Although half of Binghamton University’s undergraduate student population resides off campus – many in the city of Binghamton – the University has never employed an officer to work off campus. Starting this semester, the school will have a presence Downtown.
Officer Dan Flanders, a veteran of the Binghamton police force, was selected in late August to be a liaison between the Binghamton Police Department and Binghamton University. According to the terms of the deal, BU will reimburse the city for Flanders’ $50,000 annual salary, while the city will pay for his health and retirement benefits. In exchange, Flanders will still report to the Binghamton police chief, but focus his efforts on student-related issues.
Flanders said that experience from his regular patrols on weekends coupled with his new office hours in the University Downtown Center during the day will make him an asset and resource to students and locals alike.
“Patrol officers are often running from call to call, and this is a position that is more available to students and residents,” Flanders said. “If students are involved with police and have questions, if something happened off campus they want to report or if they just want to come in and talk.”
According to President Harvey Stenger, in addition to filling weekly reports for the school, Flanders will patrol popular areas where college students congregate on Thursday, Friday and Saturday nights.
“He will be there late night and early morning walking the beat,” Stenger said. “From State Street, to Main Street, around Front Street and down Riverside. Sometimes he will be on foot and sometimes he’ll be in the city vehicle, but he’ll be out there.”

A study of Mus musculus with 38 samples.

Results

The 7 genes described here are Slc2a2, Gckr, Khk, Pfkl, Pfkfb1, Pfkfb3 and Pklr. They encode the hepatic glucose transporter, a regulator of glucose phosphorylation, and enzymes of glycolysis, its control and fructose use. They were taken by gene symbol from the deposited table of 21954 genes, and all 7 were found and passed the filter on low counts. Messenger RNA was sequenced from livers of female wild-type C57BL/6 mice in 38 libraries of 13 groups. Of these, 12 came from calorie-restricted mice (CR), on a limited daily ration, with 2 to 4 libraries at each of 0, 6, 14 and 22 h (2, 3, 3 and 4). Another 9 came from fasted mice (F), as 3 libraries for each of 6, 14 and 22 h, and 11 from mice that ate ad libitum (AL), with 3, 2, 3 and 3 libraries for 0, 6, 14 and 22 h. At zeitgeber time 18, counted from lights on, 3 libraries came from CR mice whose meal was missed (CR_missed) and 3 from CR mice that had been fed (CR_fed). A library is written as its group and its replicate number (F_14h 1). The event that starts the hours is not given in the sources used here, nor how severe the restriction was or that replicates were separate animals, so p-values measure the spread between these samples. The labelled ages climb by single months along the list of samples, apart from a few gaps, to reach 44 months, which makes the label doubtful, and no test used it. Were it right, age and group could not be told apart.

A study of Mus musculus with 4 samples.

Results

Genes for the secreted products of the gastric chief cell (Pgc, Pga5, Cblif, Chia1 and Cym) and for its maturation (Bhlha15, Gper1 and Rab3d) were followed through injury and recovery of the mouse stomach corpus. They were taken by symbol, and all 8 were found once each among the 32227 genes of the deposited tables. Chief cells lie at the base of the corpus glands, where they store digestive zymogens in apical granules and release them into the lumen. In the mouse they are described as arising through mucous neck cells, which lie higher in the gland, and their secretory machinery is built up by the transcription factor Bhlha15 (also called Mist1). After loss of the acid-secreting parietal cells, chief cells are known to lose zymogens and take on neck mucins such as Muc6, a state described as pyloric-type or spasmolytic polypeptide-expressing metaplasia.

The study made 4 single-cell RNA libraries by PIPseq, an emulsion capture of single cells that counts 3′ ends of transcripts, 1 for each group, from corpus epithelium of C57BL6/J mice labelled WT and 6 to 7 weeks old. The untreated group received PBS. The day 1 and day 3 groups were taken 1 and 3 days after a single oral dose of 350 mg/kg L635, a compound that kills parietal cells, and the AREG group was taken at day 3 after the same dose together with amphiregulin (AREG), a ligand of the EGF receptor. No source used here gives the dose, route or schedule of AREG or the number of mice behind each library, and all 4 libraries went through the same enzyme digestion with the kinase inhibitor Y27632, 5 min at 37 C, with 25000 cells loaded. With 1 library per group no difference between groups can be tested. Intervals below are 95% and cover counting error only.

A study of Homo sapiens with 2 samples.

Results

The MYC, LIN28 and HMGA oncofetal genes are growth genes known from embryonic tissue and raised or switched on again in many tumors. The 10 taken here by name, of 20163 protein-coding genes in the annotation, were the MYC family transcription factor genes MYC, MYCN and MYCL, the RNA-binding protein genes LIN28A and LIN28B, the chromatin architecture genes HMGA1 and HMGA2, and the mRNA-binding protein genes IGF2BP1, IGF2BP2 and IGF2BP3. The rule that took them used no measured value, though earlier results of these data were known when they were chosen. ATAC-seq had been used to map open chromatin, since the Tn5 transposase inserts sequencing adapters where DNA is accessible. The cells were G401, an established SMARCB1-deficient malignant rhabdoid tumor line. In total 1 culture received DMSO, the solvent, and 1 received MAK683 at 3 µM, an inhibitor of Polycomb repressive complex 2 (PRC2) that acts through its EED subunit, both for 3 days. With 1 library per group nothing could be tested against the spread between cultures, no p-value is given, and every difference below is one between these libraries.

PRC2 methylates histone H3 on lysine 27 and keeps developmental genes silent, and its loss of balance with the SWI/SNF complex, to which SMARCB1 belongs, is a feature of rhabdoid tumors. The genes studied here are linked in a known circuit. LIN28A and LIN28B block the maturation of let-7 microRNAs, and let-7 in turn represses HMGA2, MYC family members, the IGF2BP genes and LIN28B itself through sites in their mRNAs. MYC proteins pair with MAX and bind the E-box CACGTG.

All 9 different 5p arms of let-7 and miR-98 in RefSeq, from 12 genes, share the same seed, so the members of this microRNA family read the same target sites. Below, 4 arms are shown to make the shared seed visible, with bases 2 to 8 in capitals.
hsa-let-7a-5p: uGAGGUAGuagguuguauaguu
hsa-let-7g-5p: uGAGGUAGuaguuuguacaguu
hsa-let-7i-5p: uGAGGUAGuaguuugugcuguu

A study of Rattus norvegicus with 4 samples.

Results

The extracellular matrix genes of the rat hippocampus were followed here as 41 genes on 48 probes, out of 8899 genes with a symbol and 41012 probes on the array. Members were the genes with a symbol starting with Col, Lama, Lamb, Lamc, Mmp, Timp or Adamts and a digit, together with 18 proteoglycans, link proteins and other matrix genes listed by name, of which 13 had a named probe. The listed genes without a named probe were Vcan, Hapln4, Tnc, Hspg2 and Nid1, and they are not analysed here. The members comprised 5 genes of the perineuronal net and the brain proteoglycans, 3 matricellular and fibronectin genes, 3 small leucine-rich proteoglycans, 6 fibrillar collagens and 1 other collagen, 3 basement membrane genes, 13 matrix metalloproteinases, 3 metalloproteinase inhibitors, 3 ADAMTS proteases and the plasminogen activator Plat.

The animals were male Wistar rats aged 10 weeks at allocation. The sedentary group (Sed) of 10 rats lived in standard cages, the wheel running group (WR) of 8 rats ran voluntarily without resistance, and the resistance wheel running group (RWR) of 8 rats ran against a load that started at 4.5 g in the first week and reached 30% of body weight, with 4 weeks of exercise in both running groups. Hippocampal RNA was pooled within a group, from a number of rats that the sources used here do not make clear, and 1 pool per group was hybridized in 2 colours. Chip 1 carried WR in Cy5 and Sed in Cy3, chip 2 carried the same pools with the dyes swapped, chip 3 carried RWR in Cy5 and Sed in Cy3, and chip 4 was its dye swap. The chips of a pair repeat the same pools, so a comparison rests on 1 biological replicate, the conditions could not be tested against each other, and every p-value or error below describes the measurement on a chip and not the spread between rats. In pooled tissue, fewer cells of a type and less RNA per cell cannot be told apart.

Stenger said that the goal of the partnership was to provide students with an officer that they felt comfortable approaching.
“He knows that he’s working for us, and he’s more apt to be patient and listen,” Stenger said. “It’s not that other officers aren’t patient or helpful, but they have a lot of other responsibilities.”
University Police Investigator Patrick Reilly said that in the past, many students would report off-campus crimes and issue to UPD. But since it was not under University jurisdiction, they would normally be referred to the city of Binghamton police.
“For whatever reason, students are hesitant to go to the police station, so we’re hoping it will be easier to go to the Downtown Center,” he said.
Flanders agreed, saying his office could streamline reports to Binghamton police.
“It’s a resource: Rather than have to go to the police station and have to go through security and a lot of steps, which are necessary, they can just come in here without all of those inconveniences,” Flanders said.
The program, which is modeled after a similar one instituted at Binghamton High School, is guaranteed for one year. After the time is up, Stenger and the BU Foundation will decide whether or not to continue its funding.
According to Stenger, the decision will be based on years of surveys conducted by the University through the Binghamton Neighborhood Project. The surveys ask Binghamton residents if they feel safe and what their impressions are of law enforcement, and officials will use the differences to see if the new officer made an impact.
“If I we see improvements I’ll consider extending the program another year,” Stenger said.
Daelin Fischman, a sophomore majoring in computer science, said that he believed the new program would be helpful to the off-campus community.
“It sounds like a good idea,” Fischman said. “It would help out the local police while also presumably being a better authority to deal with students. “I have never actually had an interaction with Binghamton police, but if I needed to, this would probably make things easier.”
Eitan Sheena, a sophomore majoring in biology, was more skeptical. He said that the University should not be so involved with student affairs Downtown.
“Anywhere off campus seems like it should be out of their jurisdiction,” he said.